Last Night at the Telegraph Club by Malinda Lo
Trigger Warning: doxxing, racism and racial microaggressions, homophobia, threats of deportation, war
Lily Hu, 17 years old and Chinese-American, knows she’s different. That difference solidifies when she finds a book in a bodega about a woman loving another woman…it answers so many questions, but it can’t be right, can it? She’s never heard of such a thing. Until she meets Kath, and the two explore a world of sapphic love and yearning in the middle of the Red and Lavender Scares of the 1950s. But Lily and Kath will risk everything to be together.
They had hugged each other quickly, and Lily realized then and there that they’d never be able to kiss goodbye in public.
I absolutely adored this.
Although…adored is a strange word.
This book ripped out my soul. It destroyed me. I cried, and then when I told the synopsis to my wife, she bawled like crazy (granted, she cries over all kinds of vaguely emotional media, which is mildly hilarious because she’s a complete stoic in all other aspects).
This book reached in and spoke to the parts of me I long kept buried/never examined, and the parts my wife had to hide for so many years.
It’s about two girls in 1954 who explore their feelings for each other in a world where their feelings are considered extremely taboo, unnatural and sinful. Good girls just don’t act that way. Not good Chinese-American girls like Lily, nor good girls like Kath, even though Kath is tainted by her previous friendship with a girl several years her senior, who was sent away in shame after she was discovered with another girl.
Popular perceptions of the 1950s often center on conformity and social repression, but in reality the midcentury was a time of transition and thus a time of great cultural anxiety that was often expressed in efforts to suppress difference.Malinda Lo
I really liked how well Lo captured the essence of transition and change of the 1950s. There was a thriving queer subculture, and thanks to the crackdowns in all things different (thank you, McCarthyism and whyte supremacy), anything that didn’t fit the “accepted” norms was pushed deeper into hiding. The anxiety of not fitting in, of being hunted or investigated by the FBI for unamerican activities, of having your citizenship revoked and being deported to a country that no longer existed, were all very real fears and led to heightened internalized conforming among marginalized groups.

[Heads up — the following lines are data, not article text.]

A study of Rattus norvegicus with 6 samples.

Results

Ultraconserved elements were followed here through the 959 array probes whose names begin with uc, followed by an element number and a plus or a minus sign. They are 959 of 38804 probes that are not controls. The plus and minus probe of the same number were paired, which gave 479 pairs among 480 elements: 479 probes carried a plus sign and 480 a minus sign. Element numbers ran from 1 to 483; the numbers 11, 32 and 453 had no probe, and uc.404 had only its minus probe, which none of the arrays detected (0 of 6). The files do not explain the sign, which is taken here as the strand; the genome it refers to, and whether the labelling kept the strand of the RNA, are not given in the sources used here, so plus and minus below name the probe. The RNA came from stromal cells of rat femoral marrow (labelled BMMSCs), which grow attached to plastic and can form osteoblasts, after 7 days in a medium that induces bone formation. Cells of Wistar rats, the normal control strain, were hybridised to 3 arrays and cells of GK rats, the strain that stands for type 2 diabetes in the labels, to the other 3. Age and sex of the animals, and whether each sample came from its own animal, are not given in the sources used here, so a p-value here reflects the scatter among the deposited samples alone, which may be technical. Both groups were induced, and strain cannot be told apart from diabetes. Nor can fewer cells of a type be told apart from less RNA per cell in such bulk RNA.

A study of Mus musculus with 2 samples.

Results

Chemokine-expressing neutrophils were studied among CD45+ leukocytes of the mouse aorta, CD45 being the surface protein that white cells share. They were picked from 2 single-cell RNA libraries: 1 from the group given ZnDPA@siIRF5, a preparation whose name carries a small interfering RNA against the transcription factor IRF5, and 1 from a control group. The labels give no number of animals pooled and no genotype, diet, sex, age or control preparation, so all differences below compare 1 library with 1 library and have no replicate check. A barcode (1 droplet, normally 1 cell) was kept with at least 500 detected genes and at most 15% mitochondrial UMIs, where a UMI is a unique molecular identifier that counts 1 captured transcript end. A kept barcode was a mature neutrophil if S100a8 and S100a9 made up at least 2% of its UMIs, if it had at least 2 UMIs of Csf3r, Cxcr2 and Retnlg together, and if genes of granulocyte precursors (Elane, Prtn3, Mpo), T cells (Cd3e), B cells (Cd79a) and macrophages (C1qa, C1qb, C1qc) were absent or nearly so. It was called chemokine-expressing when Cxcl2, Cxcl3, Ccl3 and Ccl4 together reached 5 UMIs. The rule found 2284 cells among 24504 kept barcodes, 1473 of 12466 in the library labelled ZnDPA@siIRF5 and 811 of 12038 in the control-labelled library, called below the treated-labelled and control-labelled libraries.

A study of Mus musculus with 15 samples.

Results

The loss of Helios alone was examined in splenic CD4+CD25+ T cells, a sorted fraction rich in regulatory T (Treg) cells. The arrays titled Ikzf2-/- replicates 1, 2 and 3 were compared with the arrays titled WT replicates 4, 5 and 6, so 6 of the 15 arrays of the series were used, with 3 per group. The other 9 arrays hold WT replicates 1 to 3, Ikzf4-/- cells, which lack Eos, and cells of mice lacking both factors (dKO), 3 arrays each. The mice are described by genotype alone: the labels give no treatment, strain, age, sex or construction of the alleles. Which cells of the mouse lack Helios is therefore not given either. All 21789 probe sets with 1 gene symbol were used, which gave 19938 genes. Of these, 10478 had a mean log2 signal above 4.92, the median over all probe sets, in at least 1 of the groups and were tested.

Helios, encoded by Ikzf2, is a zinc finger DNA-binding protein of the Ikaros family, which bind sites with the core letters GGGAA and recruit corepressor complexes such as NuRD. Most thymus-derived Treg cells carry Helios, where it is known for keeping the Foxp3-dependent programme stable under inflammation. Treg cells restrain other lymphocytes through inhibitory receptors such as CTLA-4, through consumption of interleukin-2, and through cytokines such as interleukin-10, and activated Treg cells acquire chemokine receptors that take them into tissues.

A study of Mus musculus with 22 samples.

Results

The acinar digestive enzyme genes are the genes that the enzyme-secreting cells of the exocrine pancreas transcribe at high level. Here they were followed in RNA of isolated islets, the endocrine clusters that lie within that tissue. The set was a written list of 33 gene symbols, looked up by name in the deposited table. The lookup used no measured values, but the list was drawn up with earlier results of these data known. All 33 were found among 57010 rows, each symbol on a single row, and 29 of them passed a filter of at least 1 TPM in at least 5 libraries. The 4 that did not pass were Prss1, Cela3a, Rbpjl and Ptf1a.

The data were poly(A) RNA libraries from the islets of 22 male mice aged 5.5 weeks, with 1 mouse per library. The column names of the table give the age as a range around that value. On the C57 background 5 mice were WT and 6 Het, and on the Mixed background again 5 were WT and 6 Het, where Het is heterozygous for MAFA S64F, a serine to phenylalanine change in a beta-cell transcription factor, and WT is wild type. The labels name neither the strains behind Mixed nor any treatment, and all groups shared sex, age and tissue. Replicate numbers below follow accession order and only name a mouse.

I also loved the depiction of Chinatown in the 1950s. It’s a contained community of people, and while Lily strains against the traditional mindsets of her family—who doesn’t do that, as a teen?
It wasn’t like chocolate, Lily thought. It was like finding water after a drought. She couldn’t drink enough, and her thirst made her ashamed, and the shame made her angry.
There are so many layers I could unpack, but this is mainly a book about longing.
Longing for things to be better. Longing for independence. Longing for love and the ability to be open about that love. Longing to go to space and beyond and travel the stars, and not be limited by race or ethnicity or gender. Longing for acceptance, and to also stand out and to be accepted for standing out.
And it is a book about discovery.
Lily is obsessed with space, and has a plan to become a computer/engineer at the Jet Propulsion Lab. She’s brilliant and dedicated in her schoolwork, in addition to falling in love, slowly and then all at once, with Kath. The two tiptoe around each other for so long, navigating an unfamiliar language, trying to find ways to express words that could cause irreparable harm if the other did not feel the same.
There are some dips back into the past, following Lily’s father, her mother and her aunt as they navigate America in the 1930s and 1940s, the brief glimpses offering insights and depth into their reactions and how they became who they are. The flashbacks give rationale, but it still makes their ultimate refusal to accept Lily’s sexuality all the more painful to read (this is not a spoiler, this is life—then, today, as long as homophobia and transphobia exists), particularly as they are acting out of love for their daughter, even if that love is misguided and focused more on suppressing and redirecting her difference than accepting their child as she is.
Anywho, I just spilled a bunch of words on a page and none make sense whatsoever.
The plot is very, very simple. Lily explores her sexuality and exerts her independence, and in doing so, discovers a world of queer acceptance (although not racial acceptance—these queer spaces are whyte spaces and she endures a lot of microaggressions and outright racism and exoticism). But despite the simple plot and the very long page-length, I was never bored.
I was entranced, enthralled and engaged by the beautiful writing, the way emotions were pulled out of me, bit by bit, tweaking on each heartstring as though I was a violin and this book my player.
Highly recommend, although please don’t enter lightly.